By Domenico Bettinelli, Jr., Director of Community Engagement, Massachussetts Citizens for Life
Editor’s note. My family and I will be on vacation through September 6. I will occasionally add new items but for the most part we will repost “the best of the best” — the stories our readers have told us they especially liked over the last five months. This first ran August 15.
The tech blog The Verge recently profiled the future of computer displays beyond the latest VR (virtual reality) and AR (augmented reality) headsets by looking at a prototype hologram display.
A virtual reality headset covers your eyes and projects a computer-generated world (or a specially filmed movie) around you that gives you the feeling that “you are there” and allows you to interact with it.
Augmented reality is different in that the display you wear in front of your eyes actually shows you the world around you, but overlays it with projected images or information that seem like they’re part of this world.
But holograms, as envisioned by the hologram display, would go a step further to create the representation of something three dimensional right in front of you. You’re probably asking yourself what this has to do with the cause for Life?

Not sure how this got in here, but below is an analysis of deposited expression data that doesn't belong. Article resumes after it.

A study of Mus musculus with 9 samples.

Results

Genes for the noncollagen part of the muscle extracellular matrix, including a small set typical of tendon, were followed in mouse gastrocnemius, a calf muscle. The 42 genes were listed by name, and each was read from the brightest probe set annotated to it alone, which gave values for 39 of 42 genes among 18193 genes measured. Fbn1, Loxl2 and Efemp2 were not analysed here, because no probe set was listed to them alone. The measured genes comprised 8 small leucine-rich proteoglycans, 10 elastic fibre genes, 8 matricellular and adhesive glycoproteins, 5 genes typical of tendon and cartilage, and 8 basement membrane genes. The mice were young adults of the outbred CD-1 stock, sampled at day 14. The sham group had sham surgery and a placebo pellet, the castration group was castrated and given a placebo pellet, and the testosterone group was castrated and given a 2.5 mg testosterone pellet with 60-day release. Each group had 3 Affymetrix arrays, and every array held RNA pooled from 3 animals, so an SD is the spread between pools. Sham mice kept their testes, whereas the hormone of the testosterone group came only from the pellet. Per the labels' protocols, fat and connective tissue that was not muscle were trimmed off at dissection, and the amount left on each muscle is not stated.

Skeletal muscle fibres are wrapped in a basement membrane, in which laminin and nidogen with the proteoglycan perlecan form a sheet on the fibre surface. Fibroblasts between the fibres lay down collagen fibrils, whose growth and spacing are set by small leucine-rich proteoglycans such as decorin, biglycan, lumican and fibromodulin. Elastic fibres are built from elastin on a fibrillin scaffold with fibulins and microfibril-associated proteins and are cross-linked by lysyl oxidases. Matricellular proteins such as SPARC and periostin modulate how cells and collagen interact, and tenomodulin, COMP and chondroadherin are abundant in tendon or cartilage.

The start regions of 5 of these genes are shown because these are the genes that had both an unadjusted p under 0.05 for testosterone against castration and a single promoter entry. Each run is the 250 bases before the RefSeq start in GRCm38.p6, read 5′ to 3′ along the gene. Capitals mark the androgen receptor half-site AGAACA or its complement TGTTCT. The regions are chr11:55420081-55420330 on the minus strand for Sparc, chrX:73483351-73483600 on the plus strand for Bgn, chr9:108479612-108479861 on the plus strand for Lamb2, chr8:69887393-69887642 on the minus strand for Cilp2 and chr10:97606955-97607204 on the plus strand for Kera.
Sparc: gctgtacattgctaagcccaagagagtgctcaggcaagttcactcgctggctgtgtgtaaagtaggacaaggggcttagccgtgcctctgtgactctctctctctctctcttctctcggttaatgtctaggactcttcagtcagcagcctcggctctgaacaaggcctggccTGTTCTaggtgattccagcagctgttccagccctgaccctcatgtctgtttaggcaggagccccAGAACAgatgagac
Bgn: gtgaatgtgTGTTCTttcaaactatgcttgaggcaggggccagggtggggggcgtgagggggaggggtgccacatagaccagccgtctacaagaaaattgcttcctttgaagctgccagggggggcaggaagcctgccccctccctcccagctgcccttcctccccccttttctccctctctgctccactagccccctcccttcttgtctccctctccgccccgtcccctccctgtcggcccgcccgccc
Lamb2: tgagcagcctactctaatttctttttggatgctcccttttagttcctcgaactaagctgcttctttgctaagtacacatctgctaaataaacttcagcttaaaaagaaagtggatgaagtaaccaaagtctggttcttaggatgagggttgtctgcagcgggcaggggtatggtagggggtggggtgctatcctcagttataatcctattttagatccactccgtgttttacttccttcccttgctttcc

As you can see from the image above, The Verge illustrated a version of their story with a drawing depicting a 3D hologram ultrasound, and referred in their article to the possibility that the technology could be used to allow expectant mothers to “view an image of their developing baby.”
Over the past couple of decades, the advent of ultrasound has enabled pregnancy help centers to show women thinking about abortion that their baby isn’t just a “clump of cells”, but a living, developing human being. It’s been so effective that pro-abortion groups have been working very hard to shut them down as “deceptive” and “fraudulent”.
The amazing 4-D ultrasounds that show the baby in the womb as he moves around in real-time have taken it a step further. They remove the need to analyze the shadows and light of the ultrasound to determine the shape of a baby by creating a computerized, albeit rough, depiction of the child.
But imagine how a scene like the one depicted above—with a fully realized and realistic image of the child as he is now—would further advance the understanding for women in crisis that the baby in their womb is their baby.
For sure, in the end technology is just a tool that can be used for good or for ill, but it behooves the pro-life movement to ensure that when new tech comes along that serves the purposes of Life we should be ready to leap upon it and see what good it can do.
Editor’s note. This appeared at Massachusetts Citizens for Life and is reprinted with permission.